Real estate experts explain what KC home buyers should know, predicting what will happen with prices in 2023.

Photo of a two-story blue house for sale

Going once? Going twice?

Photo by KCtoday


For those hoping to dip their toes in the home buying waters soon, it helps to know what trends to expect.

The 2023 buying trend

To counteract rising rents, there’s a new trend where people are buying homes with their friends at record rates.

“People are pooling together, kind of crowd sourcing, buying homes with friends or non-family members,” Christian Barnes, president and CEO of Better Homes and Gardens Real Estate Kansas City Homes, said.

Barnes said 18% of home purchases in the last six months were like this. She expects that to increase.

Another trend in 2023 will likely be less competition.

“Buyers are not going to have to get quite as aggressive,” she said.

Waiting on interest rates?

Industry leaders tend to agree on the big picture, according to Forbes; interest rates look about ready to level off. Some expect 6-7% by the end of 2023, while others hope for slightly better. Barnes predicted 2023 will get under 5%.

However, the market is still acting a bit like the Mamba at Worlds of Fun, so potential buyers and sellers are holding off — especially compared to those 3% rates we saw a couple years ago.

Interest rates may still make mortgages seem scary, but how do they compare to renting?


Right now, Barnes said it’s actually more expensive to rent long-term than it is to buy. That’s backed up by data from the Mid-American Regional Council: local average incomes grew 12% from 2019 to 2022, and rent grew 20%. Meanwhile, the Kansas City Association of Realtors reported the annual home price grew ~15%.

Realtor.com reported average KC rent prices fell slightly the past few months. However, it’s still up 8.7% year-to-year.

Although it may be scary for first-time owners to make the plunge (and there’s certainly more upkeep in owning), Barnes said it might be a smarter financial decision.

Look out for the ‘burbs

According the Heartland Multiple Listings Service, most of the pending sales right now are concentrated in the suburbs. That means areas in Liberty, Olathe, and Overland Park could continue to see heavy house buying activity — especially with new potential housing developments on the horizon.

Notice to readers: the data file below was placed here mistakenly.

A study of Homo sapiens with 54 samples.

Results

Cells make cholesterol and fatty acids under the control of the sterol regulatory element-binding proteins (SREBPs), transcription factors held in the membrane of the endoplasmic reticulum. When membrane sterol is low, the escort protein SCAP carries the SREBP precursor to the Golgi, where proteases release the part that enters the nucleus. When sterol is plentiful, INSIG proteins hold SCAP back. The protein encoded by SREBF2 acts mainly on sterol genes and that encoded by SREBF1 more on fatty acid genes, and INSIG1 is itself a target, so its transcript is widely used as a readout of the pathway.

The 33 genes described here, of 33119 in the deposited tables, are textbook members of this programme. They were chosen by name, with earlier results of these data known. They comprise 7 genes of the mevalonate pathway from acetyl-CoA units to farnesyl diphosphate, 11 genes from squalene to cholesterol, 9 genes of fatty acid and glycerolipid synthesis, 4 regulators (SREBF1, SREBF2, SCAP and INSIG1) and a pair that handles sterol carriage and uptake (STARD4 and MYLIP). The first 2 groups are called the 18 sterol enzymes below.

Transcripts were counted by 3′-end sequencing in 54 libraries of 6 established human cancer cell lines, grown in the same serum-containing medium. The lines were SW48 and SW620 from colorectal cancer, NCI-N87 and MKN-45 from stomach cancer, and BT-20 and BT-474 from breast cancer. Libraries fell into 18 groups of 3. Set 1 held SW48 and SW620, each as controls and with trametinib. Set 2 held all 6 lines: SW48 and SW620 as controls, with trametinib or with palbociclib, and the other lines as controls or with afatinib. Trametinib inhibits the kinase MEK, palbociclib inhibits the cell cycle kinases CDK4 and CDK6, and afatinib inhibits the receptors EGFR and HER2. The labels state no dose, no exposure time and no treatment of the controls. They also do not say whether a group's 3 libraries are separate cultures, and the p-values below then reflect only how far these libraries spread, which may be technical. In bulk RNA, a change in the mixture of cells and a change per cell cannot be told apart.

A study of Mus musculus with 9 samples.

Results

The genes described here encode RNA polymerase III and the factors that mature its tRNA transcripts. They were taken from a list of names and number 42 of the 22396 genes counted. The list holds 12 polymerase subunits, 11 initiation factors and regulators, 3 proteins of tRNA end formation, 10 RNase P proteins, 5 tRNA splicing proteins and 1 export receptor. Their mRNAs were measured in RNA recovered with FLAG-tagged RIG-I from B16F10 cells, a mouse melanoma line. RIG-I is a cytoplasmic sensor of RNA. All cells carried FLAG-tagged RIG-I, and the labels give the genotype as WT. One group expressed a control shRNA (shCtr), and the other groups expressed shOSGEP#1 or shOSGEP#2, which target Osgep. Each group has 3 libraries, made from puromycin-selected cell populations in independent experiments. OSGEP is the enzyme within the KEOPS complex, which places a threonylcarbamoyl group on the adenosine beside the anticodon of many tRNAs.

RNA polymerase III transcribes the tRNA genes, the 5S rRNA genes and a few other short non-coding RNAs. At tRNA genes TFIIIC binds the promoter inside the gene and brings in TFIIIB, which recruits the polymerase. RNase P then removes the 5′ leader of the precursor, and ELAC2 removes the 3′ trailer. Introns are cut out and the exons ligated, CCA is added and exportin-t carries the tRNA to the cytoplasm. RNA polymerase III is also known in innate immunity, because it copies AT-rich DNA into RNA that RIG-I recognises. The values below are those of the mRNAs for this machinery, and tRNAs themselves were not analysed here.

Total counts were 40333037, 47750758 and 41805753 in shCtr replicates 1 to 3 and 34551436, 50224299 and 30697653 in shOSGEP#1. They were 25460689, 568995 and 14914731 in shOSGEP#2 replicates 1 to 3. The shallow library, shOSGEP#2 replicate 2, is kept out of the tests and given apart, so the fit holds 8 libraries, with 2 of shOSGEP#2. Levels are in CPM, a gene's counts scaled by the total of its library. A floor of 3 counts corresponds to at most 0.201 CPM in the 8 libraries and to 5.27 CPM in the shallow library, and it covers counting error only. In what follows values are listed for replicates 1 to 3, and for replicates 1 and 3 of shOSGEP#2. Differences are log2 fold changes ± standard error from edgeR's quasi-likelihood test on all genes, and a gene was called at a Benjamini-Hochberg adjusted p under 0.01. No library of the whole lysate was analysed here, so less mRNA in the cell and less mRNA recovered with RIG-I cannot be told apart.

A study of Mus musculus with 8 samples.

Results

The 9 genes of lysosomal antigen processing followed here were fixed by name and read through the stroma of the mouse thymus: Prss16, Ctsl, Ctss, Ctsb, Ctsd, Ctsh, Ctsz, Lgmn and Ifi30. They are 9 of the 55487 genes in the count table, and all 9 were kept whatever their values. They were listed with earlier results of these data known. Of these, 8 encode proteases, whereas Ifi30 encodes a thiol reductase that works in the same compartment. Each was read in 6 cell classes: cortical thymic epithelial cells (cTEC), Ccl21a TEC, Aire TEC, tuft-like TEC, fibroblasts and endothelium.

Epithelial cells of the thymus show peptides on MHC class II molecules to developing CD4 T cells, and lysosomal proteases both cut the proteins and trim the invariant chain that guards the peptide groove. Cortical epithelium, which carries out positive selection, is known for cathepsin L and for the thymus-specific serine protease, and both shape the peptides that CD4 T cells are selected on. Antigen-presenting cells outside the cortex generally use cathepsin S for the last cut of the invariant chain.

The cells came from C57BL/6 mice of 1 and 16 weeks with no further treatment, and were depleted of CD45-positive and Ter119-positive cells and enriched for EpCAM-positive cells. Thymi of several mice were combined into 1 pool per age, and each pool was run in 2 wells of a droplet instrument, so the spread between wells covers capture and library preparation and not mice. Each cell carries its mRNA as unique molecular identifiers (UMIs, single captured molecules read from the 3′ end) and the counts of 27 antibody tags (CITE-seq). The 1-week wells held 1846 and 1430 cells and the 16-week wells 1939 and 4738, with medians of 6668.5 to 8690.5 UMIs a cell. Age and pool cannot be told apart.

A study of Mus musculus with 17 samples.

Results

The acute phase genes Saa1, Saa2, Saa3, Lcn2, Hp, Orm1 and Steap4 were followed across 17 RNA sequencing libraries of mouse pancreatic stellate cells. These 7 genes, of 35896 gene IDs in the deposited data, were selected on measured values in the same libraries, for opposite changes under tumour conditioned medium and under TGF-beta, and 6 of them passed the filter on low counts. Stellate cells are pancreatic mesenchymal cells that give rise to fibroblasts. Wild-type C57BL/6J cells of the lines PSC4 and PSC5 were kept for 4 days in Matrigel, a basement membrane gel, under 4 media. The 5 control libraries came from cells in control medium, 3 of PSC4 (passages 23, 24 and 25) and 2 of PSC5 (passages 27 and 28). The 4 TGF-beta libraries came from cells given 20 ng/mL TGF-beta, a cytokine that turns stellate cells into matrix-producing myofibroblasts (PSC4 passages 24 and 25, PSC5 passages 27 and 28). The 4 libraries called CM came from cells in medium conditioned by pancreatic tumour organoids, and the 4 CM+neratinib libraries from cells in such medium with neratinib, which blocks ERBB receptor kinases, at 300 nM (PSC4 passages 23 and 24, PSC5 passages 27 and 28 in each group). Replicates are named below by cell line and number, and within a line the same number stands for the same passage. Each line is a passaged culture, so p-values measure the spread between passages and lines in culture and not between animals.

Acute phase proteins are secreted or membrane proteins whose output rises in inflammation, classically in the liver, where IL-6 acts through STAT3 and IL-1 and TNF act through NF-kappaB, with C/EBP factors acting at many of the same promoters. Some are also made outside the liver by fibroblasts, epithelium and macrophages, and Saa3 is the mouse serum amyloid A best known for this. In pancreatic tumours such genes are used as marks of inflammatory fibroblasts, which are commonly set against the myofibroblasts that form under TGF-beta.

Some of these areas, especially on the outskirts of the Kansas suburbs, have seen 10%+ increases in home value over the past 12 months.

Don’t give up on south and east KC

Buyers hoping to find areas with less competition may want to think about getting a sweet pad just outside of downtown. The listings map shows a decrease in value for homes on KC’s Eastside as well as the Kansas side of the state line — from Roeland Park through Overland Park.

Conversely, there have been major increases in home valuation across KCK, Brookside, and the Red Bridge area (so if location matters more than price, that’s where to look).

By the numbers

Barnes provided us with lots of information dating back to 2019 — the last “normal” home buying year.

Number of homes sold

  • 2022: 41,940 (projected)
  • 2021: 46,485
  • 2019: 41,594

Total metro sales

  • 2022: $14.09 billion (projected)
  • 2021: $14.05 billion
  • 2019: $10.2 billion

Prices have increased, but the inventory retreated to pre-pandemic levels. Barnes said inventory was really low at the beginning of 2022, but it has started to climb back up in the past six months.

The supply + demand problem

“A lot of inventory will hinge on building and new construction,” Barnes said.

She said the entire housing market saw a 10% sales reduction year-over-year in 2022. Remember, 2021 was an abnormal year.

In November, KCMO voters approved a bond issue authorizing $50 million for affordable housing, which will go towards the city’s goal of 5,000 units by 2025. Other major housing projects could provide major boosts to inventory in the coming years.

Other financials to consider: Adjustable-rate mortgages (ARMs), Federal Housing Admission loans (FHAs), and conforming conventional loans have all increased.